S. Kevin Zhou
Dr. S. Kevin Zhou obtained his PhD degree from University of Maryland, College Park. Currently he is a professor and executive dean of School of Biomedical Engineering, Suzhou Institute for Advanced Research, University of Science and Technology of China (USTC) and an adjunct professor at Institute of Computing Technology, Chinese Academy of Sciences and Chinese University of Hong Kong (CUHK), Shenzhen. Prior to this, he was a principal expert and a senior R&D director at Siemens Healthcare Research. Dr. Zhou has published 240+ book chapters and peer-reviewed journal and conference papers, registered 140+ granted patents, written two research monographs, and edited three books. The two recent books he led the edition are entitled “Deep Learning for Medical Image Analysis, SK Zhou, H Greenspan, DG Shen (Eds.)” and “Handbook of Medical Image Computing and Computer Assisted Intervention, SK Zhou, D Rueckert, G Fichtinger (Eds.)”. He has won multiple awards including R&D 100 Award (Oscar of Invention), Siemens Inventor of the Year, and UMD ECE Distinguished Alumni Award. He has been a program co-chair for MICCAI2020, an editorial board member for IEEE Trans. Medical Imaging and Medical Image Analysis, and an area chair for AAAI, CVPR，ICCV, MICCAI, and NeurIPS. He has been elected as a treasurer and board member of the MICCAI Society, an advisory board member of MONAI (Medical Open Network for AI), and a fellow of AIMBE, IEEE, and NAI (National Academy of Inventors).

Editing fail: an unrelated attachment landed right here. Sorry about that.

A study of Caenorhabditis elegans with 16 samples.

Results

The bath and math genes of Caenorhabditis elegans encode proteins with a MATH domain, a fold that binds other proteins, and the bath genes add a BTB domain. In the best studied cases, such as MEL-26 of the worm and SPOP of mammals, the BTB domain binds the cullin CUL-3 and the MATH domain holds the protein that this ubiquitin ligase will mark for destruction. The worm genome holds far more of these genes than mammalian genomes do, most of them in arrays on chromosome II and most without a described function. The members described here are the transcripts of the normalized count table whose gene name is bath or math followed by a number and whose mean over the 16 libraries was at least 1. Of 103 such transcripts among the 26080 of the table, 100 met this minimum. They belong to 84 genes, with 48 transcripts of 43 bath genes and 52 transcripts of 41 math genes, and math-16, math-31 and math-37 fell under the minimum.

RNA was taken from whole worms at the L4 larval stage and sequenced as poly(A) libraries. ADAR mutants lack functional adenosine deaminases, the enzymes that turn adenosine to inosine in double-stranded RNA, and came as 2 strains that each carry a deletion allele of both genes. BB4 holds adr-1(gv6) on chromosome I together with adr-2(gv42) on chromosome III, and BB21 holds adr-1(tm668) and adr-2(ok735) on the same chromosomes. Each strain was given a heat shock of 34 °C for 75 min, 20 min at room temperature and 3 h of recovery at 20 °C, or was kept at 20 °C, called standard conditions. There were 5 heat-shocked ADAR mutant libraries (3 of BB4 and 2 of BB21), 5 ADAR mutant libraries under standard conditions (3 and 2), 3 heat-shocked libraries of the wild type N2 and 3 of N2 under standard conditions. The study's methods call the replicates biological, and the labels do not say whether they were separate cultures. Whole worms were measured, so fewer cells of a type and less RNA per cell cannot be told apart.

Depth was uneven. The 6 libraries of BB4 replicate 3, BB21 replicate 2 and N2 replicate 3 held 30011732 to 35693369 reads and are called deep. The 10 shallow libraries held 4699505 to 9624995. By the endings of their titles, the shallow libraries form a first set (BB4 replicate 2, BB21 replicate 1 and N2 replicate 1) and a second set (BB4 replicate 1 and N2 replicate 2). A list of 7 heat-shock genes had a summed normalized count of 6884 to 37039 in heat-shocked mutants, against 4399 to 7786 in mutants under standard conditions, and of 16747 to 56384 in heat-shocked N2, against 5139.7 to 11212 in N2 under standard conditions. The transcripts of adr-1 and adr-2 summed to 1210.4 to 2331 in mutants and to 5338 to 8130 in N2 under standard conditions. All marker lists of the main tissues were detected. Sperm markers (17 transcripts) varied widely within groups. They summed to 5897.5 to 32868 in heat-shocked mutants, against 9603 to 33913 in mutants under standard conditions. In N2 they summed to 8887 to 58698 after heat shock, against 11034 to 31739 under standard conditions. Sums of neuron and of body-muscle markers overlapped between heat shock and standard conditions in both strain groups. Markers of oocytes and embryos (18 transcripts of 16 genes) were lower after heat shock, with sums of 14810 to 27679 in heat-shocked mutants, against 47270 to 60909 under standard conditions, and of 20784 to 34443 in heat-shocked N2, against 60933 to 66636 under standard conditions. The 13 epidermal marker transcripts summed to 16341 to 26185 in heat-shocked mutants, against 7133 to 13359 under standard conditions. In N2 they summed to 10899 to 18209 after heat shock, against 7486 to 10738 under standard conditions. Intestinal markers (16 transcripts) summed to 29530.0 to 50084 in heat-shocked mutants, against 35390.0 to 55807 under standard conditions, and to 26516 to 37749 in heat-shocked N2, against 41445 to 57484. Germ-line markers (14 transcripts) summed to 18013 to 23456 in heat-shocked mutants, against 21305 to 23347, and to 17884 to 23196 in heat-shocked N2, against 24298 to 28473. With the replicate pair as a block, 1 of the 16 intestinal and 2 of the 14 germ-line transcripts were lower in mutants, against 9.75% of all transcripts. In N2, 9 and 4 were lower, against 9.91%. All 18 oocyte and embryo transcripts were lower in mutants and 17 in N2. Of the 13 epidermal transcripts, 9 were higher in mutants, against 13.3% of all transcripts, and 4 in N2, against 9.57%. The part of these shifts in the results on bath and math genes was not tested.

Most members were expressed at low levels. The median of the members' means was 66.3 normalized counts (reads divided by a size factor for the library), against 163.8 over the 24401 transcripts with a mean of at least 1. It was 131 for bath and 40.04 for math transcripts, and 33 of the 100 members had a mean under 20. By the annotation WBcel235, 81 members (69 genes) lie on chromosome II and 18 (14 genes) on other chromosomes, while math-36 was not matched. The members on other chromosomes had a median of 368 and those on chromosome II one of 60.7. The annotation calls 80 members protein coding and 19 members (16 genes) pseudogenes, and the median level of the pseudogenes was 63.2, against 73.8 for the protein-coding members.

Title: Traits and Trends of AI in Medical Imaging
Abstract: Artificial intelligence or deep learning technologies have gained prevalence in solving medical imaging tasks. In this talk, we first review the traits that characterize medical images, such as multi-modalities, heterogeneous and isolated data, sparse and noisy labels, imbalanced samples. We then point out the necessity of a paradigm shift from “small task, big data” to “big task, small data”. Finally, we illustrate the trends of AI technologies in medical imaging and present a multitude of algorithms that attempt to address various aspects of “big task, small data”:
- Annotation-efficient methods that tackle medical image analysis without many labelled instances, including one-shot or label-free inference approaches.
- Universal models that learn “common + specific” feature representations for multi-domain tasks to unleash the potential of ‘bigger data’, which are formed by integrating multiple datasets associated with tasks of interest into one use.
- “Deep learning + knowledge modeling” approaches, which combine machine learning with domain knowledge to enable start-of-the-art performances for many tasks of medical image reconstruction, recognition, segmentation, and parsing.